600 Capitol Way North, Olympia, WA 98501-1091
Archived documents do not reflect current WDFW regulations or policy and may contain factual inaccuracies.
July 23, 2002
Contact: Jim Rieck, (360) 902-2518
Hunters learn results of special hunt drawing
OLYMPIA – Hunters will learn this week whether they were selected for one or more of nearly 22,000 special hunting permits available from the Washington Department of Fish and Wildlife (WDFW) for the 2002 season.
Chosen at random from among more than 92,000 applications, successful applicants will receive special permits that allow them to hunt for various game animals at times and in areas not open during general hunting seasons.
Jim Rieck, WDFW wildlife biologist, said this year's drawing generated more applications than any time in the past 20 years.
"Hunters know that having a special permit really improves their chances of a successful hunt," Rieck said. "The increase in applications we've seen this year is likely due to both the increase in hunting opportunities available with a special permit and improvements the department has made in the permit-application process itself."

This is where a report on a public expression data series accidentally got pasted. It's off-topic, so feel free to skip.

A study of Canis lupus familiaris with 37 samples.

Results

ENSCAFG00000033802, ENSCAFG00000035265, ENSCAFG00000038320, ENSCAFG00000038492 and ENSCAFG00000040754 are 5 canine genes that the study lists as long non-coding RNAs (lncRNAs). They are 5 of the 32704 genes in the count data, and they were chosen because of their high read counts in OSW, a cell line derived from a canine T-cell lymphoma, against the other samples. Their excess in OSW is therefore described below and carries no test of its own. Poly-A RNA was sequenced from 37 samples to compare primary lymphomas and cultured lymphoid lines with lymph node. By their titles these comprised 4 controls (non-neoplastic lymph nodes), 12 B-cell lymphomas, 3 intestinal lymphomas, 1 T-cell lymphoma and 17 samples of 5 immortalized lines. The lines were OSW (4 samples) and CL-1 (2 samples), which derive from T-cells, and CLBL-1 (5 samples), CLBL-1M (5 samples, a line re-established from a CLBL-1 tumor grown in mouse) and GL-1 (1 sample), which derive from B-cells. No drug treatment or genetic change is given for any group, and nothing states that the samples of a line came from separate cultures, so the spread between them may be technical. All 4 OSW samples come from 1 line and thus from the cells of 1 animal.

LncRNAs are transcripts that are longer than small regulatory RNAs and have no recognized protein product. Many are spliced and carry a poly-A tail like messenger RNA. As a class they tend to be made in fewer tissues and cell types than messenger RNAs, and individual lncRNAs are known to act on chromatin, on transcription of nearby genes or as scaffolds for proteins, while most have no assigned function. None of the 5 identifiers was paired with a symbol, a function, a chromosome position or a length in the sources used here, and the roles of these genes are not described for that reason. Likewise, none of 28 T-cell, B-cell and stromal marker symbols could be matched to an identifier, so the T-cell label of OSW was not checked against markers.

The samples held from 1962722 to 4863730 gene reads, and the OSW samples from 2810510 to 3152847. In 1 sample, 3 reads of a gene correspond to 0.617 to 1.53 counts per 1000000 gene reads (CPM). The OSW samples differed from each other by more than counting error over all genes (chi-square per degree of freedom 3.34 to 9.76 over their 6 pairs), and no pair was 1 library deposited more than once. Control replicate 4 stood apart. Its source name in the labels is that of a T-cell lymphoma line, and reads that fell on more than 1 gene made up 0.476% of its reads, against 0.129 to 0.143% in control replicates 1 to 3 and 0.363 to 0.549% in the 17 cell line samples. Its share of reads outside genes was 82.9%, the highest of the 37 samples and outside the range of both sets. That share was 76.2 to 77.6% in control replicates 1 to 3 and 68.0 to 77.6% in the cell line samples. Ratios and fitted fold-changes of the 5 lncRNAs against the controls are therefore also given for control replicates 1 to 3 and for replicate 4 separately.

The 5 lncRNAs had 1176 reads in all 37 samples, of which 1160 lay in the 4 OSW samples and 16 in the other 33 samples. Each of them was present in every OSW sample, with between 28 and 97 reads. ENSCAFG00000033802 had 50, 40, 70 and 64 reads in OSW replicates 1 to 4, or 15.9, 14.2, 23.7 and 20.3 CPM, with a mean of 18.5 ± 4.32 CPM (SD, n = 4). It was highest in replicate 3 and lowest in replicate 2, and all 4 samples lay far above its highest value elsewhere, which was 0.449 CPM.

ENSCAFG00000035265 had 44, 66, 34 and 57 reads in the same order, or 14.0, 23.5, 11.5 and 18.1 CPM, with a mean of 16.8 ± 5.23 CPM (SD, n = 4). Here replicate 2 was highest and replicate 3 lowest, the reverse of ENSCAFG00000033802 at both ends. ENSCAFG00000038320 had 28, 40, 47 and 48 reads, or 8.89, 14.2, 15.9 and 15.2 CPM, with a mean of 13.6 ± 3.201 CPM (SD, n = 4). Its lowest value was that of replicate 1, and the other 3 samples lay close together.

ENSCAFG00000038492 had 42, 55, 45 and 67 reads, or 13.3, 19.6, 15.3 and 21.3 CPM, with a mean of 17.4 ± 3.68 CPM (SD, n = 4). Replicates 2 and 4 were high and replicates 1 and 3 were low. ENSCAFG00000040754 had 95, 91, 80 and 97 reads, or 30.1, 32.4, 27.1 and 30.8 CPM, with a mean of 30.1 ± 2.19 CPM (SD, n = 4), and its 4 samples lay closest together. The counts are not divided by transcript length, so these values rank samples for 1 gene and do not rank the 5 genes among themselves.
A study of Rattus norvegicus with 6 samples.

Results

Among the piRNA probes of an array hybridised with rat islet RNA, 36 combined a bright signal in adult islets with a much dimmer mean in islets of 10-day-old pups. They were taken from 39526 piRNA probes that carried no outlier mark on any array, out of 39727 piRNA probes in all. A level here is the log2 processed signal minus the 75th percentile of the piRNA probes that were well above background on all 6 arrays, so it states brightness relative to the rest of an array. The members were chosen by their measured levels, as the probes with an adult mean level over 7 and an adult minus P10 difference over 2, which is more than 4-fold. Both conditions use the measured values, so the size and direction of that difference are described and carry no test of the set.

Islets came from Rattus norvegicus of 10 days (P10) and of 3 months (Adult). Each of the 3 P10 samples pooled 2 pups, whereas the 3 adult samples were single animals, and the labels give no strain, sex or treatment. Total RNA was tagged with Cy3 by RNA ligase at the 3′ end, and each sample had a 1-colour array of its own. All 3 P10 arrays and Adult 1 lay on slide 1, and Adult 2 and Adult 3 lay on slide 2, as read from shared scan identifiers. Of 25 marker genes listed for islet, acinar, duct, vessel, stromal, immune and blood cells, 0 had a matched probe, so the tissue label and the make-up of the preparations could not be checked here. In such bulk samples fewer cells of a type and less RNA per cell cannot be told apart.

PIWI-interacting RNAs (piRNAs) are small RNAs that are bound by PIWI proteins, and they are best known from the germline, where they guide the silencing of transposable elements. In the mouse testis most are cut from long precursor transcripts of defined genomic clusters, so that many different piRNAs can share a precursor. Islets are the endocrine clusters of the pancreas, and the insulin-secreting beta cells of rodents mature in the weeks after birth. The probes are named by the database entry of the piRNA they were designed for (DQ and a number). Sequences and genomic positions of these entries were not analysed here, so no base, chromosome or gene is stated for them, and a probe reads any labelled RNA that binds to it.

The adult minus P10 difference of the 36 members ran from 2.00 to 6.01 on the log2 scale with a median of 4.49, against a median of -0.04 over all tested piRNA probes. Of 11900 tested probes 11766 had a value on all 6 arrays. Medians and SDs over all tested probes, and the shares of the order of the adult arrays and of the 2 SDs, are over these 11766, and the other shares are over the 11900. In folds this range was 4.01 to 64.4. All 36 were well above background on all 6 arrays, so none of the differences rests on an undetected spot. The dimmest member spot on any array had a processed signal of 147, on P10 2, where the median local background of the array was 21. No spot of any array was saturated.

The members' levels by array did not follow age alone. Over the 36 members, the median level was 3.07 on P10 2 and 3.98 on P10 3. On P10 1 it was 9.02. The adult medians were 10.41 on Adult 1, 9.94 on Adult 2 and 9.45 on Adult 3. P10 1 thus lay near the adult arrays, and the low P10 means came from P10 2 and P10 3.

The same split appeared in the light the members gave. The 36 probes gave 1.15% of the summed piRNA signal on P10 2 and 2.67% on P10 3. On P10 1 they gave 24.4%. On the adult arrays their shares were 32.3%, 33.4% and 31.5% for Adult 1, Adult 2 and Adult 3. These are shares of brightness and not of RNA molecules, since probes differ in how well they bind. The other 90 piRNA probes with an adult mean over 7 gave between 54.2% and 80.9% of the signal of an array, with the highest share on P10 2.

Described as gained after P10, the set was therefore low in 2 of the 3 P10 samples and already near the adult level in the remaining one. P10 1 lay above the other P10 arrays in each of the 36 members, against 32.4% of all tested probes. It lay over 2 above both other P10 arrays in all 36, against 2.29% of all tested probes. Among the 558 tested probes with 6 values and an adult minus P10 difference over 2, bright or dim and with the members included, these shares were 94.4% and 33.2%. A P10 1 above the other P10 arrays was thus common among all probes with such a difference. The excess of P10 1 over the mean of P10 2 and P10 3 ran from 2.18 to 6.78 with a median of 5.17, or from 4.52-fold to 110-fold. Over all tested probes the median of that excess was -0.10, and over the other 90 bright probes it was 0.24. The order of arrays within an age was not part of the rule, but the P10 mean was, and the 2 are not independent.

Hunters should receive post cards informing them of whether they were selected for a special permit this week, Rieck said.
For those who don't want to wait for the official notification, WDFW has posted the results of the drawing on its hunting website. Using their licensing identification number, hunters can look up their application under a link titled "Search: Special Hunt Permit Drawing Results."
Of the 21,924 special permits available this year, 13,150 are for deer; 7,108 for elk; 106 for black bear; 94 for moose; 21 for mountain goat; 20 for bighorn sheep, and 1,425 for wild turkey.
Many of the special permits for deer, elk and moose are designed to control animal populations and the property damage they can cause in certain areas of the state, Rieck said. Others, including those for mountain goat and bighorn sheep, are the sole means by which those species can be hunted, he said.
"Special hunts not only offer expanded recreational opportunities for hunters, they are also an important part of the department's overall wildlife-management strategy," Rieck said.